Course Syllabus for "MA001: Beginning Algebra"
In this course, you will study basic algebraic operations and concepts, as well as the structure and use of algebra. This includes solving algebraic equations, factoring algebraic expressions, working with rational expressions, and graphing linear equations. You will apply these skills to solve real-world problems (word problems). Each unit will have its own application problems, depending on the concepts you have been exposed to. This course is also intended to provide you with a strong foundation for intermediate algebra and beyond. It will begin with a review of some math concepts formed in pre-algebra, such as ordering operations and simplifying simple algebraic expressions, to get your feet wet. You will then build on these concepts by learning more about functions, graphing of functions, evaluation of functions, and factorization. You will spend time on the rules of exponents and their applications in distribution of multiplication over addition/subtraction.
Upon successful completion of this course, you will be able to:
- simplify and solve linear equations and expressions, including problems with absolute values and applications;
- solve linear inequalities, find equations of lines, and solve application problems;
- add, subtract, multiply, and divide various types of polynomials;
- factor polynomials, and simplify square roots; and
- evaluate, simplify, multiply, divide, add, and subtract rational expressions, and solve basic applications of rational expressions.
In order to take this course, you must:
- have access to a computer;
- have continuous broadband Internet access;
- have the ability/permission to install plug-ins or software (e.g., Adobe Reader or Flash);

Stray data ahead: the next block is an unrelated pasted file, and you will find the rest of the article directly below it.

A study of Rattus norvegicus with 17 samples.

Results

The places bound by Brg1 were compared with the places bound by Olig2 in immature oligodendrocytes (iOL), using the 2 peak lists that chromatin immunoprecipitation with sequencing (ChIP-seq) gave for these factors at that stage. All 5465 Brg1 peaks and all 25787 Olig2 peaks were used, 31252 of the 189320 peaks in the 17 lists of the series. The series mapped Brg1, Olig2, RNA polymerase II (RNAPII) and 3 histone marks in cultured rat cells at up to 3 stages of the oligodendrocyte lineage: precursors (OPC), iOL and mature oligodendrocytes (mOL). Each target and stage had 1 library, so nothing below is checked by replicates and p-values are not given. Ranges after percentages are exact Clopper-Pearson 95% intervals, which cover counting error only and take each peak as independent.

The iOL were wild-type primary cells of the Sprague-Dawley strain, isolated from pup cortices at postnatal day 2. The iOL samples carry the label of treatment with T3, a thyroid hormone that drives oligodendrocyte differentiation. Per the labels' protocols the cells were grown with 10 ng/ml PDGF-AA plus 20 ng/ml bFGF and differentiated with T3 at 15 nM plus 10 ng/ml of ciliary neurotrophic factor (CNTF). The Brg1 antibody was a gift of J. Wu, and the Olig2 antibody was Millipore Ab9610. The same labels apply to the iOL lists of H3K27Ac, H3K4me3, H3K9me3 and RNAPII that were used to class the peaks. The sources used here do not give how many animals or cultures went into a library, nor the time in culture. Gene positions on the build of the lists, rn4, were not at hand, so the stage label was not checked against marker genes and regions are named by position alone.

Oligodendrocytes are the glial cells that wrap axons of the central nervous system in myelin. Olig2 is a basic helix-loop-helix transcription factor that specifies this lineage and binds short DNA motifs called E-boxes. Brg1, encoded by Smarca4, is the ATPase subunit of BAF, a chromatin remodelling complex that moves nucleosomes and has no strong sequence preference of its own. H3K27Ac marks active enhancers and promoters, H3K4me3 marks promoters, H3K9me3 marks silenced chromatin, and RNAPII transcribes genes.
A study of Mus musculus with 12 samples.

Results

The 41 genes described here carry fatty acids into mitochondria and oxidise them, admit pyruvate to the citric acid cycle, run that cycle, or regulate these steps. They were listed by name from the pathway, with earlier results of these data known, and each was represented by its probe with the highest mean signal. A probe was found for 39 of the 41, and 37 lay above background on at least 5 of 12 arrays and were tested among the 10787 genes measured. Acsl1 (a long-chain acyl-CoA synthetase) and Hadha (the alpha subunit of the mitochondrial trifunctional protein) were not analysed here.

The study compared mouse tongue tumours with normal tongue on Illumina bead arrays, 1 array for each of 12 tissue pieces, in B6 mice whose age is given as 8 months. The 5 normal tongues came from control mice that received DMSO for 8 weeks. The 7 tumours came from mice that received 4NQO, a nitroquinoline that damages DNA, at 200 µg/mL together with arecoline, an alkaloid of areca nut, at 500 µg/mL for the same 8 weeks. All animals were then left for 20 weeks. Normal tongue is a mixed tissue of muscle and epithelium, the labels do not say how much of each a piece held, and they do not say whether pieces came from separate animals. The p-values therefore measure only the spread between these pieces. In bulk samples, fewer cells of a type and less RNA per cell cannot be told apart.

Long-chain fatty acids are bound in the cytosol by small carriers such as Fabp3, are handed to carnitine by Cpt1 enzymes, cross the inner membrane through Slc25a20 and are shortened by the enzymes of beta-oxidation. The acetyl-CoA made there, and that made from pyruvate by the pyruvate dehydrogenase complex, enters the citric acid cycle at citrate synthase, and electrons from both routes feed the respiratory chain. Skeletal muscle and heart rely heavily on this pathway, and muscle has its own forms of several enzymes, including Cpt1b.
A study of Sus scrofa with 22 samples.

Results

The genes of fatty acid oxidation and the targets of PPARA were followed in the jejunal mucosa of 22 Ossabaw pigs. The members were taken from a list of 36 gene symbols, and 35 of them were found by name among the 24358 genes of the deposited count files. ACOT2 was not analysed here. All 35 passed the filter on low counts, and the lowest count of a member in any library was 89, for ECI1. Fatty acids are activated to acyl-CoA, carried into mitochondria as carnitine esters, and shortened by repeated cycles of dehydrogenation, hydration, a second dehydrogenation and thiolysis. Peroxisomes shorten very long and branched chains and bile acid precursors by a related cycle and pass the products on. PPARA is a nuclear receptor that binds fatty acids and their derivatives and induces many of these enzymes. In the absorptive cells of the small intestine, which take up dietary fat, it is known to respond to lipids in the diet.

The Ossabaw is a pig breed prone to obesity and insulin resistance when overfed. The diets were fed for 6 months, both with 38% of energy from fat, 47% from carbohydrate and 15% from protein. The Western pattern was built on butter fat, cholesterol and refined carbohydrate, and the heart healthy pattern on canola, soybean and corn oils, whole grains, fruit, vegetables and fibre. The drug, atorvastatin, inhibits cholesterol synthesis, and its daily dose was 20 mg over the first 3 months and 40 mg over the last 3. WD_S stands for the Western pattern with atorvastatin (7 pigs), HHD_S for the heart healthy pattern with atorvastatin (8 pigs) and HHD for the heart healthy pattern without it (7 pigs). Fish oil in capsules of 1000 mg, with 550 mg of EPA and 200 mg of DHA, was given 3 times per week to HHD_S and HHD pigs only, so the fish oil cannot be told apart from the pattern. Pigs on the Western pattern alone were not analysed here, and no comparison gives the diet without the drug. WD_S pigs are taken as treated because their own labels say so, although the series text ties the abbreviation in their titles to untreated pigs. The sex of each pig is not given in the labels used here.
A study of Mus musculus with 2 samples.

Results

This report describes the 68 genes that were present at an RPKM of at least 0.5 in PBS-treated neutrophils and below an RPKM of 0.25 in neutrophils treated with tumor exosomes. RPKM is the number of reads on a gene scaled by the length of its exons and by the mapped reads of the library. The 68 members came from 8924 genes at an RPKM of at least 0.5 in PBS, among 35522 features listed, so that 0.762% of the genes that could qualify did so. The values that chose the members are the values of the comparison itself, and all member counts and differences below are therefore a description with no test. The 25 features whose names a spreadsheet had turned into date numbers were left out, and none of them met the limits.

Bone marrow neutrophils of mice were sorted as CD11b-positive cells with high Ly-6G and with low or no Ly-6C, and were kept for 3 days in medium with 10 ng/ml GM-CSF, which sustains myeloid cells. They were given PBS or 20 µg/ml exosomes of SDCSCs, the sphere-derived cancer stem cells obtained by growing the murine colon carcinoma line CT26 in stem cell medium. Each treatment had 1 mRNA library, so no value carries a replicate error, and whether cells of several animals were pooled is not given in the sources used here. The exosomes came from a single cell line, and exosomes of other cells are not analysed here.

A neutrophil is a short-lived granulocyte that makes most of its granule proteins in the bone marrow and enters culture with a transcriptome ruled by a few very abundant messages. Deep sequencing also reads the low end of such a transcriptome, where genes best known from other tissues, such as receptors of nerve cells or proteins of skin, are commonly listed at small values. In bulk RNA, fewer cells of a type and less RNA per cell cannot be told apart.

- have the ability to download and save files and documents to a computer;
- have the ability to open Microsoft files and documents (.doc, .ppt, .xls, etc.);
- have competency in the English language; and
- have read the Saylor Student Handbook.
Welcome to MA001: Beginning Algebra. General information about this course and its requirements can be found below.
Course Designer: Frank Appiah and Mark Arnold
Primary Resources: This course is composed of a range of different free, online materials. The core of this course makes use of all the materials originally structured by the Washington State Board for Community and Technical Colleges. In particular, this course uses the following:
- Tyler Wallace’s Beginning and Intermediate Algebra, 2nd edition (PDF)
- Tyler Wallace’s Beginning Algebra Lab Notebook (PDF)
Requirements for Completion: In order to complete this course, you will need to work through each unit and all of its assigned materials. Each unit consists of subunits with videos on each topic. Each unit concludes with a homework problem set of varied lengths and a practice test. Also available for each unit is a practice set that you can use to further your understanding of the concepts. You will also need to complete the following:
- Unit 1 Assignments
- Unit 1 Practice Test
- Unit 2 Assignments
- Unit 2 Practice Test
- Unit 3 Assignments
- Unit 3 Practice Test
- Unit 4 Assignments
- Unit 4 Practice Test
- Unit 5 Assignments
- Unit 5 Practice Test
- Final Exam
Note that you will only receive an official grade on your final exam. However, in order to adequately prepare for this exam, you will need to work through the homework, practice exams, and problem sets listed above.
In order to “pass” this course, you will need to earn a 70% or higher on the timed, two-hour final exam. Your score on the exam will be tabulated as soon as you complete it. If you do not pass the exam, you may take it again.
Time Commitment: This course should take you a total of 104 hours to complete. Each unit includes a time advisory that lists the amount of time you are expected to spend on each subunit. These should help you plan your time accordingly. It may be useful to take a look at these time advisories to determine how much time you have over the next few weeks to complete each unit and then set goals for yourself. For example, Unit 1 should take you 13 hours. Perhaps you can sit down with your calendar and decide to complete Subunit 1.1 (a total of 3 hours) on Monday night, Subunit 1.2 (a total of 3 hours) on Tuesday night, Subunit 1.3 (a total of 3 hours) on Wednesday night, and so forth.
Tips/Suggestions: The course has been organized so that you will learn the concepts you need for the succeeding unit in the preceding unit. It is essential that you take notes while watching the videos and completing the readings as you progress through the course. In addition, take the homework, practice test, and practice work seriously.